Reducing distress in the community following the COVID-19 pandemic

The COVID-19 pandemic is a watershed event in the history of Australia and the world: challenging our public health systems and experts, and bringing unprecedented shifts in our global economy, society and how we live as families and individuals. Australia has, however, emerged from the pandemic much stronger than most.

We are uniquely placed to rebuild our economy and society more rapidly than many other countries around the world. The Australian Government, in partnership with private and not-for-profit sectors, can now proactively set in place the foundations necessary for a healthy and flourishing Australian society. The National Mental Health and Pandemic Response Plan has sent a strong signal that the Australian Government intends to embark on this effort. However, we are signalling policymakers to consider the underlying factors that bring distress in our community.


Turning the Tide: a six point plan for change

Our vision at Suicide Prevention Australia is a world without suicide. We can only achieve this vision by addressing the root causes of distress, and this requires a collective effort from everyone in the Australian community.

On World Suicide Prevention Day 2019 we published our Turning Points white paper, highlighting the gig economy, rising consumer debt and relationships as areas of emerging risk. We then embarked on an intensive program of consultation with consumer groups, industry, people with lived experience and the suicide prevention sector to present six solutions.

The COVID-19 pandemic has significantly shifted the social and economic landscape in Australia. It's now even more important for Government, employers, and the broader community to consider the solutions we're proposing.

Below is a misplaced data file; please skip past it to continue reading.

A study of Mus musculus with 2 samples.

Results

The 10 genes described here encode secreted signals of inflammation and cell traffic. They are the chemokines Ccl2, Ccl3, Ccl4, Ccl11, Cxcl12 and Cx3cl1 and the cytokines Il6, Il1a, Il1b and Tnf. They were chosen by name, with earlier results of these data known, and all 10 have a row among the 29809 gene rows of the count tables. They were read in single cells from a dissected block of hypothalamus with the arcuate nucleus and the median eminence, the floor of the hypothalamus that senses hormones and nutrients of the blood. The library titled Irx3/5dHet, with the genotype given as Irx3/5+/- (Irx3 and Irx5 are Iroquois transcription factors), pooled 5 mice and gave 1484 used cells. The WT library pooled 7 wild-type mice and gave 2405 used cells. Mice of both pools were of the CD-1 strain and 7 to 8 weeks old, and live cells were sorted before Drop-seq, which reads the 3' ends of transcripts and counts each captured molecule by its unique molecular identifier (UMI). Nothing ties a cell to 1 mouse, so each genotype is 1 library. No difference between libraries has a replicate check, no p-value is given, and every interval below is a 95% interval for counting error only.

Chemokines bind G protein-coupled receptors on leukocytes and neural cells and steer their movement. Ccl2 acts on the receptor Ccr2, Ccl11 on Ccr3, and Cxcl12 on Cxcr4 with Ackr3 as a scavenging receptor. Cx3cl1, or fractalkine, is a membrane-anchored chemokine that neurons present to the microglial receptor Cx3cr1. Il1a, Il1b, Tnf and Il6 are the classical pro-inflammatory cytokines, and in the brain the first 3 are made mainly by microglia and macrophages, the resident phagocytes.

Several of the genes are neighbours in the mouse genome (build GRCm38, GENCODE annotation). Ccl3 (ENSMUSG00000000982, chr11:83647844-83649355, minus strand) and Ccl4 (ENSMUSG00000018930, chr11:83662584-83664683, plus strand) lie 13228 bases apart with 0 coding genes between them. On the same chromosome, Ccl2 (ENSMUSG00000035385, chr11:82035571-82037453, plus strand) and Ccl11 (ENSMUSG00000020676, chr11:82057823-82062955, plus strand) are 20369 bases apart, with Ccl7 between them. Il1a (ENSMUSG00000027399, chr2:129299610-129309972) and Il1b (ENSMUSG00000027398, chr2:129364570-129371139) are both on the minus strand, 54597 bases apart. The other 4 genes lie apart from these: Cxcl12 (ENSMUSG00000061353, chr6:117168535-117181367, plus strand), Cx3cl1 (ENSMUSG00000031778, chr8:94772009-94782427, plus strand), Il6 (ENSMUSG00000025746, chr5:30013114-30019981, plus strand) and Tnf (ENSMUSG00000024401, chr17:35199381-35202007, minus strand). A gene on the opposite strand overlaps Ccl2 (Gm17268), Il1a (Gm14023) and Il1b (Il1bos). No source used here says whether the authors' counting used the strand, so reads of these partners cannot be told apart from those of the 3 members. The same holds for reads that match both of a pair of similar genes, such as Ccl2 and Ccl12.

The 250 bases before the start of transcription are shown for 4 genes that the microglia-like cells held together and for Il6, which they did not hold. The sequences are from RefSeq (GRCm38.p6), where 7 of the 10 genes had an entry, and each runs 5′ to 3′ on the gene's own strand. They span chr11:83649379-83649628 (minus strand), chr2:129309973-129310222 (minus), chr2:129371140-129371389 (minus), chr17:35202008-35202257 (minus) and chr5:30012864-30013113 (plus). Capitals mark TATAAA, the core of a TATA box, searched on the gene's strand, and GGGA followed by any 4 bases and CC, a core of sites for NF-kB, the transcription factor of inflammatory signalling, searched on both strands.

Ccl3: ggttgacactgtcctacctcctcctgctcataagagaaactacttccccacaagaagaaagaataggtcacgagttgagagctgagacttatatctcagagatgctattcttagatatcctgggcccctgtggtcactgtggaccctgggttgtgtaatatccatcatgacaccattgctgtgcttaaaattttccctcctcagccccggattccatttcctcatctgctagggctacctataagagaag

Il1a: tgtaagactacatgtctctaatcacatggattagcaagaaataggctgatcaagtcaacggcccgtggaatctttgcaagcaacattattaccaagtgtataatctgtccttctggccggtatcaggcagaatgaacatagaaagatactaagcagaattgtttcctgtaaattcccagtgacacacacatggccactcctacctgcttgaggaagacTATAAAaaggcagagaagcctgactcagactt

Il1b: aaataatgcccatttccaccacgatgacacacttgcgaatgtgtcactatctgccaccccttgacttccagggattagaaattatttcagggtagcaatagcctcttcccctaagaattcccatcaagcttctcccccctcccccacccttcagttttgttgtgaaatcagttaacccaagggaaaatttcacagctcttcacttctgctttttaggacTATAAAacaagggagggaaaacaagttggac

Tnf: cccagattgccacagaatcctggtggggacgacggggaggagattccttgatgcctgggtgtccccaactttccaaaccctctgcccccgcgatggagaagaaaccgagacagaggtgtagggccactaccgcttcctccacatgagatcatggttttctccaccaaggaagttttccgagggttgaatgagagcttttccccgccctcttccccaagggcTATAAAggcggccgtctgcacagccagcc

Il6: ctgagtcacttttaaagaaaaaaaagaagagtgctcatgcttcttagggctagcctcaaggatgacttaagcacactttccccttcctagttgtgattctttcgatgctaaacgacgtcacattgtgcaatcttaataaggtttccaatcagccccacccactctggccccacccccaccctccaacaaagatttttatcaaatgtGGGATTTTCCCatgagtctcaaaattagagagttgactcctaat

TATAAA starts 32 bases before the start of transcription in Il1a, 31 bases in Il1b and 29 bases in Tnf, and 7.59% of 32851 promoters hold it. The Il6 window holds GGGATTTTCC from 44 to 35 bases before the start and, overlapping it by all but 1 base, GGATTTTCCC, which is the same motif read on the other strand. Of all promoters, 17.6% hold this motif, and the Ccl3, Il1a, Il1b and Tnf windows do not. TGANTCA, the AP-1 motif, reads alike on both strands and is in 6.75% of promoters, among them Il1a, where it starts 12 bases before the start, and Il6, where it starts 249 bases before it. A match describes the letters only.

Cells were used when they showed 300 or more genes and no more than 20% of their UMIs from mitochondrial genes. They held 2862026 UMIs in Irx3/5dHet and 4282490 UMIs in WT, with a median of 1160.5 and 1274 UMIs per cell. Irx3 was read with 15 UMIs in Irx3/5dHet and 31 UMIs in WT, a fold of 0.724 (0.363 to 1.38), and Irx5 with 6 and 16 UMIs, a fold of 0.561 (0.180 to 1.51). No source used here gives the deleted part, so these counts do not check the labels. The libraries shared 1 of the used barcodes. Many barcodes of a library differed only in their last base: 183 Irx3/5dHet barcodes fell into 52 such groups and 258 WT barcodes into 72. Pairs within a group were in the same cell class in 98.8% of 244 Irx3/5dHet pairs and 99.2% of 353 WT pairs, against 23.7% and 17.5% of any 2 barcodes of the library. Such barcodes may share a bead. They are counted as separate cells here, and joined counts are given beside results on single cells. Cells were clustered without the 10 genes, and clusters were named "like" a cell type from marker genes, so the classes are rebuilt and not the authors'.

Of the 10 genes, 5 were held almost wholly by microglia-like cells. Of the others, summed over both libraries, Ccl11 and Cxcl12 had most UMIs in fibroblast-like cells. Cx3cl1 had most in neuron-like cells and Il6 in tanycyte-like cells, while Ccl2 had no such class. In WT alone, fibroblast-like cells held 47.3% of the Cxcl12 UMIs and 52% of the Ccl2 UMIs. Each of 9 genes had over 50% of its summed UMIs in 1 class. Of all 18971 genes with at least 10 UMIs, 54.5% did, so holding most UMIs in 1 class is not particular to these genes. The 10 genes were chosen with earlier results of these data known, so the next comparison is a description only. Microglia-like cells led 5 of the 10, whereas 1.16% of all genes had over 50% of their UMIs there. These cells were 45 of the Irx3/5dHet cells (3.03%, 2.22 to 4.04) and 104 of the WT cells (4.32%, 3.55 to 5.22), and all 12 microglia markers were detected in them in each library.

Our solutions for change, co-designed with people from across the community, will help turn the tide on distress and build a well, happy Australia for years to come.


Submission to the Productivity Commission Inquiry into Mental Health

The Productivity Commission Inquiry into the Mental Health system presents an unmissable opportunity for reform. Taken together, the Commission’s Inquiry, the Commonwealth Government’s ‘Towards Zero’ ambition for suicide rates in Australia, the appointment of a National Suicide Prevention Adviser and the Mental Health Royal Commission in Victoria constitute a watershed moment for suicide prevention. The critical task for us as a nation and community is to take advantage of this opportunity and reshape the system to drive down Australia’s suicide rate.

Suicide Prevention Australia developed this submission in response to the Draft Report released by the Productivity Commission Inquiry. We are confident the measures we have proposed in this submission will help shape the Final Report into a prime tool for Government and the sector to make real progress on a Toward Zero suicide rate.

Together, we can achieve a world without suicide.


2018-2019 Annual Report / Year in Review

On reflection the past 12 months has seen remarkable progress relating to government funding for suicide prevention, political engagement and leadership. So if we were to use two words to capture 2018-19, they’d be ‘change’ and ‘momentum’. Not only has Suicide Prevention Australia experienced internal reshaping, renewed focus and strategic growth but the political landscape has also shifted. There is no doubt that suicide prevention has gained political momentum and we are determined to harness this appetite for action.


Turning Points: Imagine a world without suicide

This white paper is a pivotal piece of work that Suicide Prevention Australia developed with KPMG. Turning Points: Imagine a world without suicide examines the emerging trends in housing, finance, employment and relationships and their likely effect on Australians in the coming decade.


National Policy Platform

Launched in April 2019, SPA’s National Policy Platform advocates for immediate changes to government policy architecture.
Better cross-portfolio coordination is essential to address the social, economic, health, occupational, cultural and environmental factors involved in suicide prevention.
We are also calling for improvement in the collection and management of reliable data and a comprehensive suicide prevention workforce strategy.
The National Policy Platform outlines solutions to effectively and sustainably support suicide prevention in Australia.